Games People Played.

Actual Christmas Parlor Games Of The 17th, 18th, and 19th Centuries:

The Ribbon

Everyone would be given a piece of string or ribbon to hold while one person in the middle of the room would hold the other end of all the strings or ribbons. The person in the middle would then say either “pull” or “let go”. When asked to “pull” all the players would have to let go of their strings. When asked to “let go” they would have to pull. Players who got the commands reversed would have to pay some sort of penalty, because it’s not the holidays without strings attached.

Shoe The Wild Mare

Players would have to straddle a wooden swing high enough that their feet would be off the ground and hit the bottom of the swing with a hammer and hopefully not fall off. Players who lost would have to pay some sort of penalty—usually a broken arm.

Jacob! Where Are You?

A version of Blind Man’s Bluff this game involves a blindfolded player who calls out, “Jacob! Where are you?” while chasing another player with a bell. If the bell ringer is caught the players trade places, which makes it a hilarious game for two people and a chance for everyone else to just wander around and drink.

The Toilette

One person would take the role of Lord or Lady. Everyone else would select or be assigned a toiletry item—a comb, a brush, a mirror, etc. When the Lord or Lady called for an item the corresponding person would have to answer. Or the Lord or Lady could call “All toilette!” and everyone would have to jump up and change seats. Each person would take the item of the previous seat holder. Playing this today would be a chance to assign Uncle Jerry the nose hair trimmer and maybe he’d get the hint to use the one you gave him last year because his nostrils look like they’ve been stuffed with porcupines.

The Doctor

One person chosen to be “The Doctor” would go around the room and each person would have to feign an illness. The Doctor would then prescribe the most ridiculous treatments he or she could think of. After going around the room the Doctor would then go back and ask each person what they’d been prescribed.

Hot Cockles

In this version of Blind Man’s Bluff a person would be blindfolded then hit and would have to guess who hit them. This game was a great opportunity to get into the Christmas spirit by taking revenge on someone for something they did back in July.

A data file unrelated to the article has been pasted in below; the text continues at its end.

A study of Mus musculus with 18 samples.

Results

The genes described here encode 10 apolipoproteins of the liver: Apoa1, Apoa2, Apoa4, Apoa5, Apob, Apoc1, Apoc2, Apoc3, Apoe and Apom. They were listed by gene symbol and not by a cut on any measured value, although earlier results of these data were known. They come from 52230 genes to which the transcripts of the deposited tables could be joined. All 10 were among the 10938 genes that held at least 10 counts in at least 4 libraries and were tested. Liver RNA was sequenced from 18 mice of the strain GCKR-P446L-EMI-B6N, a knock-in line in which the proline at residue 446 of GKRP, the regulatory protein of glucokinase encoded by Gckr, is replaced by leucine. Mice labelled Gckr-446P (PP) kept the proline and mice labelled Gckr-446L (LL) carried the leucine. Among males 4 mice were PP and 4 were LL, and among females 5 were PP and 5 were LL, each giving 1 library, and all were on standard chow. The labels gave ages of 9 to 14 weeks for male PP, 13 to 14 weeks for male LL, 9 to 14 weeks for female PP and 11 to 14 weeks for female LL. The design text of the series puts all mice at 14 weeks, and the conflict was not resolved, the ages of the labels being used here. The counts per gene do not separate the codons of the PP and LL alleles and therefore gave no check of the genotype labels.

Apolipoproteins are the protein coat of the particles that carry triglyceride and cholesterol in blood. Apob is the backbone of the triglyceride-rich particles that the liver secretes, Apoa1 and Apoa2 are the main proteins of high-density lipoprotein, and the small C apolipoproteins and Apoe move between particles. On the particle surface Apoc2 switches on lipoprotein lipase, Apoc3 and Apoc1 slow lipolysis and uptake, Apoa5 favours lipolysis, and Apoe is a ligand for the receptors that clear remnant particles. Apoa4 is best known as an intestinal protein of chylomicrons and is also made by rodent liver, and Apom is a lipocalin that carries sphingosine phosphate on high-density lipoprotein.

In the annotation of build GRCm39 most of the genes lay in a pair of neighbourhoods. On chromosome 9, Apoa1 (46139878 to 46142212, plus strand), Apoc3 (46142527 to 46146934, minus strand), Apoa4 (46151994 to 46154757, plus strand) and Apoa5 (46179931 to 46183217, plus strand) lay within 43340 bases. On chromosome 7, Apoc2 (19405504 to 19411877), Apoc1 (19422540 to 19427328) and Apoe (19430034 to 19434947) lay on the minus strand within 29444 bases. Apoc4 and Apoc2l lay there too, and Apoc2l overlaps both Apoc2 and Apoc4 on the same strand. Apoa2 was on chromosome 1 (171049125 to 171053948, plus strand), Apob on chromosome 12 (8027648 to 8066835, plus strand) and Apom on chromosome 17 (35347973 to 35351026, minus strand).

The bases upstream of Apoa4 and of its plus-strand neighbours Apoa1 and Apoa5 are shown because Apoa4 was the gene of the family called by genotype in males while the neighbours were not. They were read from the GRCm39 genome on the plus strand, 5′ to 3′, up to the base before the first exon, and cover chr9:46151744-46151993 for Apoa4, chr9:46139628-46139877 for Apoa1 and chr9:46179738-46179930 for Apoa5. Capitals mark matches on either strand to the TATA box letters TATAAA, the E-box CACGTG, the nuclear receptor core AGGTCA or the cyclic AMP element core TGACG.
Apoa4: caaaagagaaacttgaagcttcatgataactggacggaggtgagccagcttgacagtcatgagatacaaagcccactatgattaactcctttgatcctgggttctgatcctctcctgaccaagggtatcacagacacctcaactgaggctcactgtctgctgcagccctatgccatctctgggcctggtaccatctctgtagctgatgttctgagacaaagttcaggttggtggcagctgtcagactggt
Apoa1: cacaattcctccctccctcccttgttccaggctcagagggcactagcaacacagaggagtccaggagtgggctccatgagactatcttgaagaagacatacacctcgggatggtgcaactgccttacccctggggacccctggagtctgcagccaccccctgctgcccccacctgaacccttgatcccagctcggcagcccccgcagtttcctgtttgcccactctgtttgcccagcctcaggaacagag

Steal The White Loaf

A person would sit at a table facing away from a piece of bread or cake and other people would try to grab it without being identified, which seems to be a common theme in Christmas parlor games and maybe how the whole “Secret Santa” thing got started.


A large dish of raisins would be doused with brandy and set on fire because it just wouldn’t be Christmas without flames. The idea of this game was that everyone would take turns reaching in and grabbing a raisin from the dish. The winner would be the one with the most raisins who didn’t need medical treatment or set anything else on fire. To this day, though, more people have been sent to the hospital by family games of Monopoly.

Source: Tenor


    I’m glad I don’t get talked into playing any sort of traditional games that have morphed from these beauties, Christopher. Wow.

    1. Christopher Waldrop (Post author)

      I think we’re all lucky these games haven’t survived, Mark. Not even “Blind Man’s Buff” which had innumerable variations, isn’t, as far as I know, played widely, but I’ve seen quite a bit of destruction and bodily harm come out of holiday games of Monopoly and Dirty Santa.

  2. BarbaraM

    It’s a wonder society has survived this long if our ancestors were that moronic.

    1. Christopher Waldrop (Post author)

      Oh, I think each age manages to be moronic in its own way, and I suspect variations of Snapdragon survive to this day, at least among kids. So I try not to be too judgmental, keeping in mind people had to find ways to entertain themselves before television.


    Chris! Where are you? I hope you’re not playing Snapdragon.

      Snapdragon sounds like a game we would have played back when I went camping regularly, but I’m too slow to consider it now, never mind not wanting to start a fire in the house.